Last edited: December 05, 2004

Pioneering Dallas Gay-Rights Activist Donald Baker Dies

Dallas Morning News, December 2, 2000
Box 655237, Dallas, TX 75265
Fax: 972-263-0456

By Holly Warren, The Dallas Morning News

Donald F. Baker spent much of his life fighting for equal rights for gays and lesbians in Dallas.

Mr. Baker, 53, died Friday morning at his Boston home after a seven-year battle with cancer.

A Mass will be at 10:30 a.m. Tuesday at Our Lady Help of All Christians Catholic Church in Boston. A Dallas memorial service will be celebrated Dec. 9 at St. Bernard’s Catholic Church. The time for that service is pending.

His influence extended beyond Dallas. In 1979, Mr. Baker was the plaintiff in a lawsuit challenging the Texas law against sodomy. The case worked its way to the U.S. Supreme Court in 1986, but the justices refused to hear the appeal. The Texas law is still on the books but is rarely enforced.

Dr. Louise Young, a longtime Dallas lesbian activist, said she met Mr. Baker in 1977 when she joined the Dallas Gay Political Caucus, now the Dallas Gay and Lesbian Alliance. She said she could clearly remember the first time she heard him speak.

"I was just struck by his charisma," Dr. Young said. "He was very articulate and very committed."

She said she was also struck by his courage, especially when he was faced with threats and public scrutiny while challenging the Texas law.

"He did it with grace and resolve," Dr. Young said. "He was a sea of calm."

Mr. Baker had been in the media spotlight before. He was teaching at Daniel Webster Elementary School in 1977 when school Superintendent Nolan Estes announced that there were no gay teachers in Dallas schools. Mr. Baker appeared in silhouette on television, announcing his sexual orientation and his position with the district.

Dr. Young said that was a brave step because of public views toward gays and lesbians at the time.

"He was one of the most courageous people I have ever known," she said.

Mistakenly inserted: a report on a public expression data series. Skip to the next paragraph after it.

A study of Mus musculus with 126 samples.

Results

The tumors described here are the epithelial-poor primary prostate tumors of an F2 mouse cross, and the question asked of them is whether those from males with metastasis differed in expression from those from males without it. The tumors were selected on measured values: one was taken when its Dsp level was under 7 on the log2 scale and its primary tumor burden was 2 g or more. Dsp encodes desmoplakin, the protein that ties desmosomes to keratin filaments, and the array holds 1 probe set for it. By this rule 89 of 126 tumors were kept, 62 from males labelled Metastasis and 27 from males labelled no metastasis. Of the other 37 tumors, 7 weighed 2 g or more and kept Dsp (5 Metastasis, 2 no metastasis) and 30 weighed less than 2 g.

Dr. Young said she and Mr. Baker, who are the same age, often spoke about how the 1960s and the civil-rights movement had shaped them.

"He fervently believed in the cause, and by the cause I mean equal rights under the law. ... He was willing to go to any means ... to further the cause of equal-rights justice."

But his path with that cause was not always a clear one. Mr. Baker was raised Pentecostal and hated himself for years because he was gay, said Michael Hartwig, his life companion.

During that time, Mr. Baker had a "religious zeal" that he later used to help gays and lesbians gain acceptance, Mr. Hartwig said.

"He spent himself trying to create opportunities for other people," he said.

Born in Dallas in 1947, Mr. Baker graduated from W.H. Adamson High School and attended several Texas colleges before joining the Navy in 1968. After his discharge in 1972, he studied education at State University of New York. He returned to Dallas and began teaching at Daniel Webster Elementary and earned a master’s degree from Southern Methodist University.

He later took a job as director of training and development at Gerber Garment Technology and was transferred to Connecticut in 1989 to manage that department. He moved again, this time to Boston, to take a position as the director of training and development at Vinfen Corp. Early this year, he enrolled as a graduate student at Harvard Divinity School.

He started the now-defunct Community Productions, a company that brought gay performers to Dallas. He organized the first conference conducted with religious and gay leaders in 1978.

Dr. Young said that Mr. Baker was the inspiration for Finding Our Voice: The Dallas Gay and Lesbian Community, a KERA-TV (Channel 13) documentary on the growth of Dallas’ gay and lesbian community. The show won a Katie award from the Press Club of Dallas this year for television documentary.

From 1980 to 1982, Mr. Baker was president of the Dallas Gay Political Caucus. The New York Native recognized him in 1982 as one of America’s 10 most influential gay people. He received the Dallas Gay & Lesbian Alliance’s Texas Freedom Award in 1984 and the Human Rights Campaign’s Outstanding Citizen Award in 1985.

Along with Mr. Hartwig, Mr. Baker is survived by his parents, Mable and J.W. Hartwig of Kemp; and four sisters, Linda King of Arlington, Margaret Watt of Denton, Judi Baker of Albuquerque, N.M., and Carol Holt of Midlothian.